The Goldsmiths Company of the City of London
The Goldsmiths Company is as ancient as any in the City of London, i’s lineage dates back to the year 1180, when it was a guild which could exist without the licence from the king. At first it was a voluntary association composed of goldsmiths. Its objectives, to protect the craft of goldsmiths and to prevent fraudulent workers and as in the other guilds, to provide religious and social purposes for the poorer members.
The Goldsmiths Company and St Dunstan
The company had a chapel in St Paul’s Cathedral and St Dunstan, the metal worker, was their patron saint. The early English goldsmiths were very skillful and of course important to the kings of England. King Edward I issued a statute in 1300 which provided for the standards of gold and silver and enacted that all articles of those metals had to be assayed by the ‘wardens of the craft’, to whom certain powers of search were also given.
King Edward III granted the company their first charter in 1327. This allowed them to elect honest, lawful and sufficient men, best skilled in their craft, to inquire of matters of complaint and to punish offenders. It also said where this trade should be carried out. All those of the Goldsmiths trade should sit in their shops of the High Street of Cheapside and that no silver or plate, nor vessel of gold or silver ought to be sold in the City of London except at the King’s Exchange or in the street of Cheapside amongst the goldsmiths. This was to reduce trade in fraudulent silver and gold, stolen or imported illegally into the country and melted down to produce plate.
Where in London did the goldsmiths work?
Cheapside was the main thoroughfare, though they plied their trade in many obscure twisting turning lanes amongst Lombard Street, Old Change, Silver Street, Goldsmiths Street. The precincts of the monastery became a favourite haunt, with their privilege of sanctuary.
The fraudulent goldsmiths
There were many who became brilliantly skilled at producing fraudulent pieces. They became skilled at covering tin so carefully that it could barely be distinguished from fine silver into which they set coloured glass, cleverly counterfeiting genuine jewels. Many were happy to buy such jewels and pass them off as the real thing.
The wardens of the Goldsmiths Company had an important role to play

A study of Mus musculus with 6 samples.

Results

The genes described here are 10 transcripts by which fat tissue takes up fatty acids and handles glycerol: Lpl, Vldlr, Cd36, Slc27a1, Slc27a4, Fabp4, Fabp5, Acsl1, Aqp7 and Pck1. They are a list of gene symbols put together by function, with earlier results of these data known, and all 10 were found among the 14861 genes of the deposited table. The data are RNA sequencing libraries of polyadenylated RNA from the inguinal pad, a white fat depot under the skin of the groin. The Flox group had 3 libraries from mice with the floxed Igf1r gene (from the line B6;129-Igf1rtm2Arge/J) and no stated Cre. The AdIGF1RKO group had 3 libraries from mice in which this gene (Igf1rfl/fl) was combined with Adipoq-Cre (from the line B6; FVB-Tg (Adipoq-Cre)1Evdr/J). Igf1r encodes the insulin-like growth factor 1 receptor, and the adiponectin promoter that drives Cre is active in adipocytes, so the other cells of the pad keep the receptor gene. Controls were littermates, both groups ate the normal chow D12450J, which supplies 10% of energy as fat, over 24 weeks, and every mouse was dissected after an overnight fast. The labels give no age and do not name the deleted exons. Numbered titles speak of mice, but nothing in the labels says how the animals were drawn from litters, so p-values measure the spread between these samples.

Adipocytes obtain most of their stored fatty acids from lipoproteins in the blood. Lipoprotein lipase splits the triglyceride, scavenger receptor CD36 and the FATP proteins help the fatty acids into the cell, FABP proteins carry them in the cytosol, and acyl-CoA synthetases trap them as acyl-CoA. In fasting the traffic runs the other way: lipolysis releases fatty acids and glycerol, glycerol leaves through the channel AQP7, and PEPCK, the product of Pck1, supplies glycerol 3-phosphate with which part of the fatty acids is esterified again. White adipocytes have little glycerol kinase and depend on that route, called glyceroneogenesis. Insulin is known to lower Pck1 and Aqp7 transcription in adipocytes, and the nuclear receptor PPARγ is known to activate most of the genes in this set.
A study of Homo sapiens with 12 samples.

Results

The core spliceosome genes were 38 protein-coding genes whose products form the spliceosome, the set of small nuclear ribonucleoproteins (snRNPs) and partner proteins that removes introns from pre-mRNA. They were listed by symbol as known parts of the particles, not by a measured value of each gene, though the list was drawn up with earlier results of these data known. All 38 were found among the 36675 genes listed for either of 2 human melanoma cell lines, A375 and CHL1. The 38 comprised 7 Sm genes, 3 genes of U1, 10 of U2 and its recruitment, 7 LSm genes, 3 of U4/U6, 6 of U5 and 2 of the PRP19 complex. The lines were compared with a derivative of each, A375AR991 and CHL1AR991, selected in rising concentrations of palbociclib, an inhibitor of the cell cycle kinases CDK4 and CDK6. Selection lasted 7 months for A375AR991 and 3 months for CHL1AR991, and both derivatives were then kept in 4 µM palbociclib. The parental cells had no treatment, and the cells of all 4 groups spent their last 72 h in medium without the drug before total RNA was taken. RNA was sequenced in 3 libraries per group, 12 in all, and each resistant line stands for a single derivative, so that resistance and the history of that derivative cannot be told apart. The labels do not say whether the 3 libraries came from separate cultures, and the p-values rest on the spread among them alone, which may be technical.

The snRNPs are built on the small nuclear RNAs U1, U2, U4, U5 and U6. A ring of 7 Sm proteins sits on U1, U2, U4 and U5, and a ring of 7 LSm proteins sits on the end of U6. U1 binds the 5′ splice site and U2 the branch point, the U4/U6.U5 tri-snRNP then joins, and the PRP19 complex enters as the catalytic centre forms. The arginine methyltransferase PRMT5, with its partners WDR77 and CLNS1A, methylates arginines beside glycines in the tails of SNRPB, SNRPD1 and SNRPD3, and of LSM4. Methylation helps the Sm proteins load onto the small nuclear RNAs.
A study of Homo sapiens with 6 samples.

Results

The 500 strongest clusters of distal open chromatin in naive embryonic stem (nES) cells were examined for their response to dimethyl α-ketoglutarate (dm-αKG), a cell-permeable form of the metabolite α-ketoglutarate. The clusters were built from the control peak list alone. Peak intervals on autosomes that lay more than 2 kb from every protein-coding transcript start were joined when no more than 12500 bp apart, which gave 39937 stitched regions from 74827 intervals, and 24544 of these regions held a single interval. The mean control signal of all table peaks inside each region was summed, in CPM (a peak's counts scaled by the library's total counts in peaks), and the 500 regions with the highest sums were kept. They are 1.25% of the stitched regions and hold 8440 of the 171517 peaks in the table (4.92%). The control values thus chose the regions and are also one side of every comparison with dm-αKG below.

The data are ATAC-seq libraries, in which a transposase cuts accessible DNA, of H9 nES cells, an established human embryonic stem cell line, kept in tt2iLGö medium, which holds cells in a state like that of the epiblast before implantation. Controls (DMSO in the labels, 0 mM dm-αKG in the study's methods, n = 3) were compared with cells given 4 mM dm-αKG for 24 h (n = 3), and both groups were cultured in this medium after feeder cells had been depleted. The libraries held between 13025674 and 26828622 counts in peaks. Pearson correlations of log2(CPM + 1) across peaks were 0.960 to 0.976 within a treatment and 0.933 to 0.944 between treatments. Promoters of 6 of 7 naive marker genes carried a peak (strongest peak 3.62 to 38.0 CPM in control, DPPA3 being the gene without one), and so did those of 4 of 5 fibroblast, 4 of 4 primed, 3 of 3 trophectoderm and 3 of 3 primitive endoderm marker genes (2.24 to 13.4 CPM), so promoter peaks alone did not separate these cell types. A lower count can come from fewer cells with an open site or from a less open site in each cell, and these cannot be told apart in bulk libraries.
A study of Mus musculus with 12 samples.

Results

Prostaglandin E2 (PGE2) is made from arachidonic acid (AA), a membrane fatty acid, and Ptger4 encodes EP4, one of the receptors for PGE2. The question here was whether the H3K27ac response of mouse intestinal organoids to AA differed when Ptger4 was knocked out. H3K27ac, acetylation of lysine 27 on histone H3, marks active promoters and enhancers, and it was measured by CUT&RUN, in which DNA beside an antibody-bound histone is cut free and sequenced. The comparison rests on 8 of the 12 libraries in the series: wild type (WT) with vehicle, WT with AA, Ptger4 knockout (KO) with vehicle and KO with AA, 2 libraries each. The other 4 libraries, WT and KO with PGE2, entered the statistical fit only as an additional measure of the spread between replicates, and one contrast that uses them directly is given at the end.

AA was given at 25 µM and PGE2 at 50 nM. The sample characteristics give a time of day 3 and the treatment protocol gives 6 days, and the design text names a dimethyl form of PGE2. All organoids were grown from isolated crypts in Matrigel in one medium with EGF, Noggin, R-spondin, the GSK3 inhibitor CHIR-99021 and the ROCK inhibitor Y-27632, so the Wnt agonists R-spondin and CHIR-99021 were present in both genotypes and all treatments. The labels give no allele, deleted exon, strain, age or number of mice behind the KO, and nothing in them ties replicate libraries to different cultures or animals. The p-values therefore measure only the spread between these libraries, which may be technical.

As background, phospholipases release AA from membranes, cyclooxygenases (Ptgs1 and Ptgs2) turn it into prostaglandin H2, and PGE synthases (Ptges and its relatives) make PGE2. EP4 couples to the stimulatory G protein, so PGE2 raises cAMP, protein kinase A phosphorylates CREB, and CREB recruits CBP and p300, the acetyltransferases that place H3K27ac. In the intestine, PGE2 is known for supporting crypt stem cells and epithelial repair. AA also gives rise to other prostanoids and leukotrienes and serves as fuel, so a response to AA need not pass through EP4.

They fined workmen for making sub standard wares, entered their shops, searched and seized false wares, settled disputes between masters and apprentices and handed out punishments to rebellious apprentices. The Company and its members also acted as bankers and pawnbrokers. Foreign goldsmiths plied their trade and although efforts were made to exclude them, because of their skill they were allowed to remain and benefit the trade.
As with all these Guilds, their records shine a light into the past. In 1350, during the Black Death, the records show some charitable donations to the poor because all their wardens were dead. It describes their costumes when they met King Henry VI, cloth richly worked with the goldsmith’s mark. They mustered in large numbers to resist the Kentish men in the reign of King Richard III. Fifty six well armed men each supported by five men at arms and seventy three young men of the livery. They raised night watchmen for the city in times of trouble.
The Goldsmiths Company maintain the Assay Office
For 700 years the Goldsmiths have maintained the Assay Office for the purpose of assaying and marking plate. Every year the current coin of the realm is submitted to the Company for trial and since the time of King Edward I to the present time the trial of the Pyx has been conducted by the company to ensure the nations currency is protected from the danger of a debased currency.
Distinguished members of the Goldsmiths Company
Many great people have been connected with the Goldsmiths Company, Sir Nicholas Faringdon, whose was mayor in 1308, Sir Martin Bowes, Master of the Mint in the reign of Queen Elizabeth I, Sir Hugh Middleton , the founder of the New River as well as many others.
As with the other Guilds, the Goldsmiths Company have helped their poor members with almshouses, schools and technical institutes. Their own hall has been replaced a number of times. During the Commonwealth, the Hall was used as the Exchequer and contained all the riches of the Royalists. The great fire of London reduced the Hall to ruins but not before their library of books had been removed to safety.
The Goldsmiths Hall website has a brilliant virtual tour of the Hall.